The A-List

A Professional Opinion On How To Create A Guest List

By: Keely Coxon

So, the day has come that you’ve decided to get married. You’re probably happy enough right now to seriously consider running to the top of Mount Olympus and start calling out to everyone, just to let them know how in love you are...right? That’s cool, but before you go heralding all of Utah to your ceremony, take a step back and read on, because there are a few things to keep in mind when deciding who to invite to your wedding… and who to not.
As young adults begin the transition to full adult life, and their friends and acquaintances start marrying off, negotiating the murky water of who got invited to whose wedding at some point along the road (and who didn’t) is virtually unavoidable. Such things as cost, venue size and the interaction between guests are all things that a bride and groom must keep in mind, so the “right” answer is often a hard to distinguish when it comes invitation time.
I enlisted Christine Miller, of LiBella Wedding Planning and Design, to help guide us through the confusing and often touchy subject of wedding invitations.
Christine’s first piece of advice is to start out with, and follow, a plan. Her suggested “plan” begins with deciding on a budget, as this will prove to be the single largest determinant in how many guests will even be able to attend. Think about it—your budget decides where your ceremony is held, the catering abilities and even the kind of “party favors” that your wedding party will receive. It will also make things less stressful down the line, as no one will end up with a ‘surprise’ bill, she adds.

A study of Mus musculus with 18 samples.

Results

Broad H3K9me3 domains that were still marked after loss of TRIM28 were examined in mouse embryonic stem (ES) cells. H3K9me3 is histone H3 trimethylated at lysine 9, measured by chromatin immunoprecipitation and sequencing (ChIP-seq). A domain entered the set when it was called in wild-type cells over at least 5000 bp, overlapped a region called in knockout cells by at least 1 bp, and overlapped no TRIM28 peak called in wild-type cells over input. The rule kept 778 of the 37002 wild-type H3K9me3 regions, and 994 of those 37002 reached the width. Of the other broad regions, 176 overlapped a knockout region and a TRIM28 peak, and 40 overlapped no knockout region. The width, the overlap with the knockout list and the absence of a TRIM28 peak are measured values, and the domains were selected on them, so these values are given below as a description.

Then, make both a “bride’s list” and a “groom’s list” of people that you a) need, b) should and c) would like to invite. Afterwards, compare the lists and come up with an agreement based on what’s on them, starting with the “needs” and “shoulds.” Christine also offers the suggestion that it is usually better to focus on inviting guests that will be part of your future as a couple, as opposed to inviting your group of elementary school cronies, who you haven’t talked to in 20 years and probably won’t send much more than a Christmas card to every year in the future.
Unless, of course, cost isn’t an issue whatsoever, and in that case, invite as many people as you’d both like to have (and that the reception center can hold). As this usually isn’t the case, however, you will probably have to cut some people off the list, which is the hardest part of doing invites, for both the couple and those who end up getting “cut.”
No one likes to feel left out. It’s basic human nature. It feels pretty bad to know that you’re the only one of, say, for the sake of example, your co-workers, that won’t be attending your boss’ wedding, or the only one of your book club members that won’t get to see the bride’s beautiful dress that she’s been gushing over for months. Since the guests can’t really do anything about this, it is up to the bride and groom to handle the matter tactfully and limit the “damage,” so to speak.
What is Christine’s best advice in this situation? Either be very upfront with everyone about who will be invited (this works best for small, closest-friends-and-family-only type ceremonies), or, in the event that you’re only inviting “select” co-workers or acquaintances, disperse invites subtly. A good way to do this is to send the paper invites to their home or mailing address, instead of handing them out elementary-school-Valentines-style around the office.
Then, ask them to keep mum on the event, so that everyone else doesn’t end up feeling left out. As we’re certainly not in elementary school anymore, it can be hoped that our social interaction skills and grace have managed to evolve as well. The point of an invitation is not to exclude people. After all, we can’t all be on the A-list.